The Federal Communications Commission (FCC) extended financial relief to a handful of operators offering broadband service on tribal lands, allowing them to recoup a larger amount of their operating costs through federal funding.
In its order, the commission recognised tribal lands are often located in remote areas and present significant obstacles for mobile and fixed operators which increase the cost of entry and reduce the profitability of providing service. Accordingly, it raised the limit on the amount of operating costs those companies can recoup from the Universal Service Fund.
Under the new rules, the refund limitation was raised so a provider with $20,000 in operating expenses, which was formerly eligible for reimbursement of 58 per cent of those expenses, can now seek support for 89 per cent of its output.
However, the move is only expected to benefit a total of five operators, none of which are tier-one providers, in 2018 due to restrictions on eligibility for the higher refund.
All five FCC commissioners voted to approve the order, but chairman Ajit Pai and Commissioners Jessica Rosenworcel and Mignon Clyburn all said the measure should have gone further. Both Clyburn and Rosenworcel noted the eligibility restrictions mean some operators providing service on tribal lands won’t receive any relief. Clyburn said the exclusion “does not promote fully a rapid and sustainable broadband service deployment on these lands.”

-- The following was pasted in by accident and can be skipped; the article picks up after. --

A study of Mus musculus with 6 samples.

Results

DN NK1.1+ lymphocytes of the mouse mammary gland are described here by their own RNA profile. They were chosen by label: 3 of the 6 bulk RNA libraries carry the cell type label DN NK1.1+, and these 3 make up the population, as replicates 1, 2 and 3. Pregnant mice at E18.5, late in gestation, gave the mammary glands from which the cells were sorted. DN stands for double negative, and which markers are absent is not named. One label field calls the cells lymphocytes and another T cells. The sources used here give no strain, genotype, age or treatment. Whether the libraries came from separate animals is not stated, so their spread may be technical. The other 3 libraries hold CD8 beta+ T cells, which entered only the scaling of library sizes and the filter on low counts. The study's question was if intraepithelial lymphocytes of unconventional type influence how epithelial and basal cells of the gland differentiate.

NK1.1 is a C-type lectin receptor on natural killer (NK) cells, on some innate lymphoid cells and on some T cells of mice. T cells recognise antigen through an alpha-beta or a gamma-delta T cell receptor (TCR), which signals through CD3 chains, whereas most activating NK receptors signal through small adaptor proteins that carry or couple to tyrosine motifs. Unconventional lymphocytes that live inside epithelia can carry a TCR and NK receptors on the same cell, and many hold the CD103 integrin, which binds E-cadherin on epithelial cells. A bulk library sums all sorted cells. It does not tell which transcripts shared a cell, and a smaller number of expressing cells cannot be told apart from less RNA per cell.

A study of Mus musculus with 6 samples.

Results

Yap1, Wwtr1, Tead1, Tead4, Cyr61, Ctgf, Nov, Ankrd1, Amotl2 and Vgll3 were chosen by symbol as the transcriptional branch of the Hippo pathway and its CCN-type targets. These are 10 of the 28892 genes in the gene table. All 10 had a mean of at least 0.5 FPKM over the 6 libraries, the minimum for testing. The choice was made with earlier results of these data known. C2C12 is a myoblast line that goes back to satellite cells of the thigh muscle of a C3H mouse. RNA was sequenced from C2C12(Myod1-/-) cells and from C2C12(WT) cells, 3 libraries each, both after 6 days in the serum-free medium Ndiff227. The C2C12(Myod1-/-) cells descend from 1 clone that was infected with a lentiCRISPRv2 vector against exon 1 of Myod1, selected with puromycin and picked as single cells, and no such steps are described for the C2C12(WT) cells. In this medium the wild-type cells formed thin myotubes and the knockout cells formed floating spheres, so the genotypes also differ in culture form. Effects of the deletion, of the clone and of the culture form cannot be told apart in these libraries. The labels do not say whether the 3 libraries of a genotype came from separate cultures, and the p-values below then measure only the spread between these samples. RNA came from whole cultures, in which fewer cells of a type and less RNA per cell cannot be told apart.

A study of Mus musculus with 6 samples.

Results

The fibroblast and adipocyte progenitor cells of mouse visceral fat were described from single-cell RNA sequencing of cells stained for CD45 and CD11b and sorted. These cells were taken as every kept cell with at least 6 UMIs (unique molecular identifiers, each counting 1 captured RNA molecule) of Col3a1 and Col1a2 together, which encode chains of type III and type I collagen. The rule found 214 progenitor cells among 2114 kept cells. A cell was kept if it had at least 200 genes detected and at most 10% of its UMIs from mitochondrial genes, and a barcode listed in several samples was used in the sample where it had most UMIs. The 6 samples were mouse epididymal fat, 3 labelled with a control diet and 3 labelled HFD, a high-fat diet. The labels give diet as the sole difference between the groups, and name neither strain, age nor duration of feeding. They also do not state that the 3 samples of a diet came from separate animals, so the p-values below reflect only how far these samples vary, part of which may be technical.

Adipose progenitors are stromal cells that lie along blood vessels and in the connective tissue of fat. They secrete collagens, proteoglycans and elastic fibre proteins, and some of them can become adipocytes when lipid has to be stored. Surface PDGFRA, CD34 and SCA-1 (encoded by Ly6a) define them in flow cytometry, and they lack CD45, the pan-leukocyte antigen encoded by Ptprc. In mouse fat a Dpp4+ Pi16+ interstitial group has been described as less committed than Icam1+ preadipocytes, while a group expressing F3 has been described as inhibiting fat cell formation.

The measure comes as the FCC aims to encourage broadband deployments in rural areas to close a persistent digital divide in the US. In February, the FCC issued a report noting more than a third of citizens on tribal lands (around 1.2 million people) lack access to LTE broadband speeds of 10Mb/s download and 3Mb/s upload.
Later this year, the FCC is expected to kick off its Mobility Fund Phase II auction, which will make up to $4.53 billion in support available over ten years to help providers in primarily rural areas expand LTE service.